Molecular genetics and the basic defect causing cystic fibrosis

R. Williamson, G. Bell, J. Bell, G. Bates, K. A. Davies, X. Estivill, M. Farrall, H. Kruyer, H. Y. Law, N. Lench

Research output: Contribution to journalArticle


Recombinant DNA sequences are now available that allow the mapping of the entire human genome, but the first linkage to CF came using classical protein polymorphisms. The enzyme paraoxonase was shown to be loosely linked to CF by the Copenhagen group, to be followed quickly by six cloned DNA sequences: pJ3-11, 7C22, COL1A2, and TCRB (St. Mary's), 917 (Toronto), and met (Salt Lake City). Both pJ3-11 and met are very close genetically to the CF mutation and can be used for carrier detection and prenatal diagnosis in many informative families with a CF child. There is no evidence for heterogeneity of the CF locus. The collection of informative markers surrounding the CF locus is now sufficient to permit attempts to be made to isolate the defective gene using a combination of chromosome-mediated gene transfer, pulse-field gel electrophoresis, cosmid mapping, and chromosome walking techniques, although the difficulty of obtaining tissue in which the defect is known to be expressed remains a problem.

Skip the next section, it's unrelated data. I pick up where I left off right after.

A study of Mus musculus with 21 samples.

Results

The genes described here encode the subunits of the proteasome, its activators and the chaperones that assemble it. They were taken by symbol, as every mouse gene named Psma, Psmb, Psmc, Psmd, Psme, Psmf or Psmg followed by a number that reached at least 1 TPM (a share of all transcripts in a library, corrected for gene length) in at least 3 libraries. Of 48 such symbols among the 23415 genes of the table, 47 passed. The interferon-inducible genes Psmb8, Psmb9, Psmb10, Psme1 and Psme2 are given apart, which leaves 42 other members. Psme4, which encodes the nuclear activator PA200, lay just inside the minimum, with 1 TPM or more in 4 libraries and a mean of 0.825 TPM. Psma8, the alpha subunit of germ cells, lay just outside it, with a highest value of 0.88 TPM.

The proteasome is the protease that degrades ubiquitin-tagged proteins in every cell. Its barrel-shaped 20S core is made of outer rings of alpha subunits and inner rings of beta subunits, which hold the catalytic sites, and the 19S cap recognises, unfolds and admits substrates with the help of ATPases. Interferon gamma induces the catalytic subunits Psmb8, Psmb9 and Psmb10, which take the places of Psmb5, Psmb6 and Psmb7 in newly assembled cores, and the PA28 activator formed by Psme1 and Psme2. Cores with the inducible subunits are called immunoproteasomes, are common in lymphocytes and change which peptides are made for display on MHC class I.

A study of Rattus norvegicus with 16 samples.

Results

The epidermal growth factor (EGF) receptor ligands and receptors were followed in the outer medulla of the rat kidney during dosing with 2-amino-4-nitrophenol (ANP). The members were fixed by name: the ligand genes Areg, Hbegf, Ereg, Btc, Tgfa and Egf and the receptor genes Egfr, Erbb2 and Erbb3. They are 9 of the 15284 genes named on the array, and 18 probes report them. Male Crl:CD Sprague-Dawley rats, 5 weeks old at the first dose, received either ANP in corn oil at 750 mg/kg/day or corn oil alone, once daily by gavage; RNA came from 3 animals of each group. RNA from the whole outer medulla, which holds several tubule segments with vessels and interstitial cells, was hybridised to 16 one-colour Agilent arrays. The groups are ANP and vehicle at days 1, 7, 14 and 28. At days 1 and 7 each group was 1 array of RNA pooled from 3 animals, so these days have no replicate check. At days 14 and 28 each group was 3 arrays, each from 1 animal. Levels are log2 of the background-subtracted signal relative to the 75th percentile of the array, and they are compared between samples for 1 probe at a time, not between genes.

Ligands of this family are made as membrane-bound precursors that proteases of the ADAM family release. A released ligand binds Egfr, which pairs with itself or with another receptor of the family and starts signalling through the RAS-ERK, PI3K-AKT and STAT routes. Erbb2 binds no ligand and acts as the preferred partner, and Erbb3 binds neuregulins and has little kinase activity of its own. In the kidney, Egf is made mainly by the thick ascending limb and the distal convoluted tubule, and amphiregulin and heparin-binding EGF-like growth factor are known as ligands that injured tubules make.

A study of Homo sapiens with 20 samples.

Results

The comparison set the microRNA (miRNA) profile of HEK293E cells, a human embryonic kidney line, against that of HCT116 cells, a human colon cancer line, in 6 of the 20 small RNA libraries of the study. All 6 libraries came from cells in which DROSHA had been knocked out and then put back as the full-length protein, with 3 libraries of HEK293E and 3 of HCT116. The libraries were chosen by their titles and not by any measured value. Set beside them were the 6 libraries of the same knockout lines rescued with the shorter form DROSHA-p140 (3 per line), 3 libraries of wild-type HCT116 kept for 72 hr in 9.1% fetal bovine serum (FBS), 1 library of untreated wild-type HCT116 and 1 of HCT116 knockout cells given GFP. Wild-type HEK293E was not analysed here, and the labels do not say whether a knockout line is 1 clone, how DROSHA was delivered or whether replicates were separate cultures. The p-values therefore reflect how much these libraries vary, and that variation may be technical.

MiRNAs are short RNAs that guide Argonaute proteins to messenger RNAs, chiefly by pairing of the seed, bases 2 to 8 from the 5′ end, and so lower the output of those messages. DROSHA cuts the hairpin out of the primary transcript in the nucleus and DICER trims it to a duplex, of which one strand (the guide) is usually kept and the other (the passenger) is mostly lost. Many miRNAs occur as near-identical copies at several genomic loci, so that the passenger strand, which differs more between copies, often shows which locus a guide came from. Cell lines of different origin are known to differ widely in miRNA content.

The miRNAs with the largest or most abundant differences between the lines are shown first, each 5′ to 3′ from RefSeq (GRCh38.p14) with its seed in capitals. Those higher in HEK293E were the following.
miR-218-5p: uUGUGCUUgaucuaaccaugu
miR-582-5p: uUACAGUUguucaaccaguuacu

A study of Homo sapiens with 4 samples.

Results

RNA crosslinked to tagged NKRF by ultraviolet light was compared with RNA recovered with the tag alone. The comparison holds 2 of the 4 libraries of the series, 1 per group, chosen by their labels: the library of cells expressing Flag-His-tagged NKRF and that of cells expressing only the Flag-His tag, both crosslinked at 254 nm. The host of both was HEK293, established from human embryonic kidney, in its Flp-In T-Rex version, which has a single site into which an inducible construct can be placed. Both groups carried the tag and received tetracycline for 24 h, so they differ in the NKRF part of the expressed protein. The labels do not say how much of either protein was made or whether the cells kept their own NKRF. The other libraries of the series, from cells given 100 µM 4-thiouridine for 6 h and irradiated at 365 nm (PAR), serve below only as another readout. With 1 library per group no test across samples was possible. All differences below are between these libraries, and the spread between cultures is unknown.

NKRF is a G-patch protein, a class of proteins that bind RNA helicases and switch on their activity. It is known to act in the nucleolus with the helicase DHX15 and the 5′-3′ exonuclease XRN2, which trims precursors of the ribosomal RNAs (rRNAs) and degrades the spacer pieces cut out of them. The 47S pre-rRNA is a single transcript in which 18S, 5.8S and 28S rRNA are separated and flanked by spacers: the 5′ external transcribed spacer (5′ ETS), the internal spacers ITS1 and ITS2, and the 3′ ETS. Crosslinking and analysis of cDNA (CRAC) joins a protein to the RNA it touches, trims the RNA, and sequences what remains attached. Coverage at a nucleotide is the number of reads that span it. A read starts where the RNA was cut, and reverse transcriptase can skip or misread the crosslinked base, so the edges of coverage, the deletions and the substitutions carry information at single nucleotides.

Original languageEnglish
Pages (from-to)309-315
Number of pages7
JournalCold Spring Harbor Symposia on Quantitative Biology
Issue number1
Publication statusPublished - 1 Dec 1986


ASJC Scopus subject areas

  • Biochemistry
  • Molecular Biology
  • Genetics

Cite this

Williamson, R., Bell, G., Bell, J., Bates, G., Davies, K. A., Estivill, X., Farrall, M., Kruyer, H., Law, H. Y., & Lench, N. (1986). Molecular genetics and the basic defect causing cystic fibrosis. Cold Spring Harbor Symposia on Quantitative Biology, 51(1), 309-315.